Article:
The Auburn Tigers couldn't help but ponder what's coming even in the midst of a wild celebration.
Even with an open date ahead. Even after a last-gasp win over Georgia. It's the Iron Bowl, after all, and an especially huge one.
The sixth-ranked Tigers barely cleared the last hurdle with a 43-38 win Saturday over the Bulldogs before turning their sights toward the game with No. 1 Alabama in two weeks. The winner plays for the Southeastern Conference title, and perhaps a shot at the national championship.
"Of course we're going to enjoy this win," tailback Tre Mason said afterward. "But we started thinking about it (the Alabama game) as soon as that clock hit all zeroes. Coach (Gus) Malzahn said, 'Onto the next,' in the locker room."
This one wasn't settled until the clock hit all zeroes, even after Auburn (10-1, 6-1 SEC) surged to a 27-7 lead. Ricardo Louis caught a desperation heave from Nick Marshall that deflected off Josh Harvey-Clemons' hand in double coverage. The result was a 73-yard touchdown on fourth-and-18 with 25 seconds left that will go down as one of the more memorable plays in SEC history.
Then it was onto the next for a team that Malzahn has led from 3-9 to being ranked sixth in the nation.
"This team, they're special," Malzahn said. "This is a special group. They've been through a lot, and they rallied. They came together. They believed in each other. They bought into the fact to get better each game, each practice. I told them before the game, I said, 'We've been building up to this moment.' Our moment was to be able to play these guys."
The next moment is significantly bigger. Georgia had hammered the Tigers two years running, but so has the Crimson Tide. Alabama won 42-14 two years ago and 49-0 last season and is seeking its fourth national title in five years.
The unbeaten Tide had a more mundane performance in a 20-7 win over Mississippi State that was the tightest margin Nick Saban's team has faced since Sept. 14, a 49-42 win over No. 9 Texas A&M. Alabama faces FCS team Chattanooga in a tuneup Saturday.
Malzahn joked after the game that it was "definitely a Waffle House night." But he said Sunday he planned to go to church "and after church I will flip the switch" from Georgia to Alabama.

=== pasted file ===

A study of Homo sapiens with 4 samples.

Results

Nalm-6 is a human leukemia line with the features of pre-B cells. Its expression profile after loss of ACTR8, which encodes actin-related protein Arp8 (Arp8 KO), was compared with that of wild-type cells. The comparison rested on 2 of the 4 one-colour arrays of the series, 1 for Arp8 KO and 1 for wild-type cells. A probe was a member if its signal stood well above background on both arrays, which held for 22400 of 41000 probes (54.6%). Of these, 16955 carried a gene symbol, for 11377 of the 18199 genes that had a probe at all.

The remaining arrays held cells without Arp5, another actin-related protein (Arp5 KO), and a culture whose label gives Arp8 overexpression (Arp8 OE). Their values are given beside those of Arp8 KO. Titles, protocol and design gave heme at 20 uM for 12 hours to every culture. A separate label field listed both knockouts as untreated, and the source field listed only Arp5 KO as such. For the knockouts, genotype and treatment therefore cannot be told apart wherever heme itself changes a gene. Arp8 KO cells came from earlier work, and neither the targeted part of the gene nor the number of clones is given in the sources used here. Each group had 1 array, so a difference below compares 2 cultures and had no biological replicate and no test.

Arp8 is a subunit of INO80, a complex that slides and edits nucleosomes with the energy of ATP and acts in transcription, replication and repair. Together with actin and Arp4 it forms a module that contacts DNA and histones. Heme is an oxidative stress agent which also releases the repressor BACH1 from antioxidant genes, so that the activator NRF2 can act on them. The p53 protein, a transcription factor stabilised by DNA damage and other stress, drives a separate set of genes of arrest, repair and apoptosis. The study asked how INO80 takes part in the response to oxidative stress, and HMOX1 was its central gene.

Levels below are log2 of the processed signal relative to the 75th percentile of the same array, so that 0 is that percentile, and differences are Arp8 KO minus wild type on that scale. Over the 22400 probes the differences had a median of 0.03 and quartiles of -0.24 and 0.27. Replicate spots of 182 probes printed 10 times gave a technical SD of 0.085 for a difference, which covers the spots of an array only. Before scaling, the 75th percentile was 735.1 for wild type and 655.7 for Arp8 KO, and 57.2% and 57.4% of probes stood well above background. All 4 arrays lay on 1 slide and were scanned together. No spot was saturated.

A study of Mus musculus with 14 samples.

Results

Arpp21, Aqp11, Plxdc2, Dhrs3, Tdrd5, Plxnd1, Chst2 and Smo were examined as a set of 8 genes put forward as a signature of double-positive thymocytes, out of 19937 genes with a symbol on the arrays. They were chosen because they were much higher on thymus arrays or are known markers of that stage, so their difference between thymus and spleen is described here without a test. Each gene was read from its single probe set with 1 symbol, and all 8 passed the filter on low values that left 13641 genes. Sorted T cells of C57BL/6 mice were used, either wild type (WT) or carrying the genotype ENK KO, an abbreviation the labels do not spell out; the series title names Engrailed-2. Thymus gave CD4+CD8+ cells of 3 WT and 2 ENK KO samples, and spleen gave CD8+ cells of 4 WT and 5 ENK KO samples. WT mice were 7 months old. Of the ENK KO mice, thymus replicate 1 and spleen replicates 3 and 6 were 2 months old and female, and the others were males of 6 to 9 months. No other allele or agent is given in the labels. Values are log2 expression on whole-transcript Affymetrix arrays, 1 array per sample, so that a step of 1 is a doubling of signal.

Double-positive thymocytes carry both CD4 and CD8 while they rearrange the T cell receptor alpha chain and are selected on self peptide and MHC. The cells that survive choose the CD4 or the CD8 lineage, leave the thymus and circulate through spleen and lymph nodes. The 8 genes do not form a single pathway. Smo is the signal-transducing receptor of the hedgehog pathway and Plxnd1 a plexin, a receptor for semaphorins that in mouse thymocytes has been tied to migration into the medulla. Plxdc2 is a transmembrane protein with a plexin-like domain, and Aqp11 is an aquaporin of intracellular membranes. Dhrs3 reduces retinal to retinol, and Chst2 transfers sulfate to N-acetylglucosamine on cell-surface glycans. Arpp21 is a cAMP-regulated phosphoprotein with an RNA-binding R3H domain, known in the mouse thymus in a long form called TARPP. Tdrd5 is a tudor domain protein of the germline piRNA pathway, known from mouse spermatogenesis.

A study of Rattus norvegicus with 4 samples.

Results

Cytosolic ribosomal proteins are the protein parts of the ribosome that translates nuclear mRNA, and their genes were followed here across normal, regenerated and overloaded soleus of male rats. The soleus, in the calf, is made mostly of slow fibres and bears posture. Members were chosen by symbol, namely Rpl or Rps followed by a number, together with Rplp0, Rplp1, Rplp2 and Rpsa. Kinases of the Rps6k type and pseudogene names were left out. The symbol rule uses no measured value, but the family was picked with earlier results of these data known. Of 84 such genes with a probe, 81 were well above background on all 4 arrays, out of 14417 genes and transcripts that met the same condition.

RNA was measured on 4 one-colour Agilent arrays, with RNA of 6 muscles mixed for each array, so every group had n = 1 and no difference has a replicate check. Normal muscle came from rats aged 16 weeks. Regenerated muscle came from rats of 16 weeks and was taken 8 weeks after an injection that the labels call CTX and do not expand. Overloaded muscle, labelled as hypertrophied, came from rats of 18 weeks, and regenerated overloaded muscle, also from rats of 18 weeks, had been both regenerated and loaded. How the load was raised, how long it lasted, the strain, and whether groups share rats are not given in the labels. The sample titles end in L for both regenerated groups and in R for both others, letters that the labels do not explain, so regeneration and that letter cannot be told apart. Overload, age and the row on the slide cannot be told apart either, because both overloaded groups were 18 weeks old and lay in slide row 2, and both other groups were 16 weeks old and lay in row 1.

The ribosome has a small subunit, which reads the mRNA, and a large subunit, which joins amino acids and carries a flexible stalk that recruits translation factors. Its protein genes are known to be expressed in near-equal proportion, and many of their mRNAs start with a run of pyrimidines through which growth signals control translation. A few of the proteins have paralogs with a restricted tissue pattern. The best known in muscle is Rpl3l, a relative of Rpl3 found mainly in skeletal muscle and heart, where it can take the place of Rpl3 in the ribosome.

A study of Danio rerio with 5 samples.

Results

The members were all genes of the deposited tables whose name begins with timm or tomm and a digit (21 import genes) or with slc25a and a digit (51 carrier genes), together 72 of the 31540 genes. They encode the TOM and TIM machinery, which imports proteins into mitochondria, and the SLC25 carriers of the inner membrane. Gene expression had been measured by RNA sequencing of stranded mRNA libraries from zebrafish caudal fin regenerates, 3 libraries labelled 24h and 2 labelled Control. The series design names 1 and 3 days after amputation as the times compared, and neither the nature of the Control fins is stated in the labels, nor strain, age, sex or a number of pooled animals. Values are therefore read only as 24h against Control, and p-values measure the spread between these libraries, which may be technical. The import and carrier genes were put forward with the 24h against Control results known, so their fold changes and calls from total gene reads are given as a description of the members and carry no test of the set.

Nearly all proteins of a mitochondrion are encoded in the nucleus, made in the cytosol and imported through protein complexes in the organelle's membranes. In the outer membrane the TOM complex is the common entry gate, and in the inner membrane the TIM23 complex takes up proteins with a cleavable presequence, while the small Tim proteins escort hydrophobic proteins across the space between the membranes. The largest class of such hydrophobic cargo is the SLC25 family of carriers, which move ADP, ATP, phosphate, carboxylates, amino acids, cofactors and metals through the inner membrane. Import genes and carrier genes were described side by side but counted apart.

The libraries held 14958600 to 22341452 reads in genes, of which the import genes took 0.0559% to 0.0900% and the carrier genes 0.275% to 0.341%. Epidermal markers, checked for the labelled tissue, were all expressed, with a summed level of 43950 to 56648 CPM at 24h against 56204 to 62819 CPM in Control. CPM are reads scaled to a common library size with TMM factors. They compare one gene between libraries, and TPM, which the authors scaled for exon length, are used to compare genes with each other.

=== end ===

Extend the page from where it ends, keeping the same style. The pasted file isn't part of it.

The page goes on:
"That one aged me," Malzahn said. "I've lost some years off my life."
This Auburn team has undergone a metamorphosis under Malzahn. Marshall, who has two game-winning TD passes in the final seconds, and Mason have powered the nation's no. 3 rushing offense.
Marshall accounted for 229 passing yards, 89 rushing yards and three total touchdowns against Georgia. Mason ran for 115 yards and a league-leading 18th touchdown. And then there's Louis, a shifty runner who has been touted by the coaches all season as a potentially key playmaker.
He ran for 66 yards on five carries and caught four passes for 131 yards. Louis accounted for Auburn's two longest plays, a 32-yard run and the 73-yard catch.
For all that success in Malzahn's up-tempo offense, a more notable difference from last season's team might have been the confidence remaining even after blowing a 20-point lead.
"This team is very unique," he said. "There's a lot of tension and pressures since the momentum had swung, but they had bright eyes in the huddle. It was really unbelievable."
Auburn has made a habit out of dramatic finishes. The Tigers beat No. 9 Texas A&M on Mason's 5-yard touchdown run with 1:19 left, topped Mississippi State on Marshall's touchdown pass to C.J. Uzomah with 10 seconds remaining and had late defensive stands against Washington State and Mississippi.
Malzahn doesn't buy into the talk of Auburn having good karma or being a team of destiny.
"I believe if you work hard and you have a team that is completely 100 percent together, and all the coaches, everybody is on board, then you have a chance to do something special," he said.
Winning the Iron Bowl would be high on that list.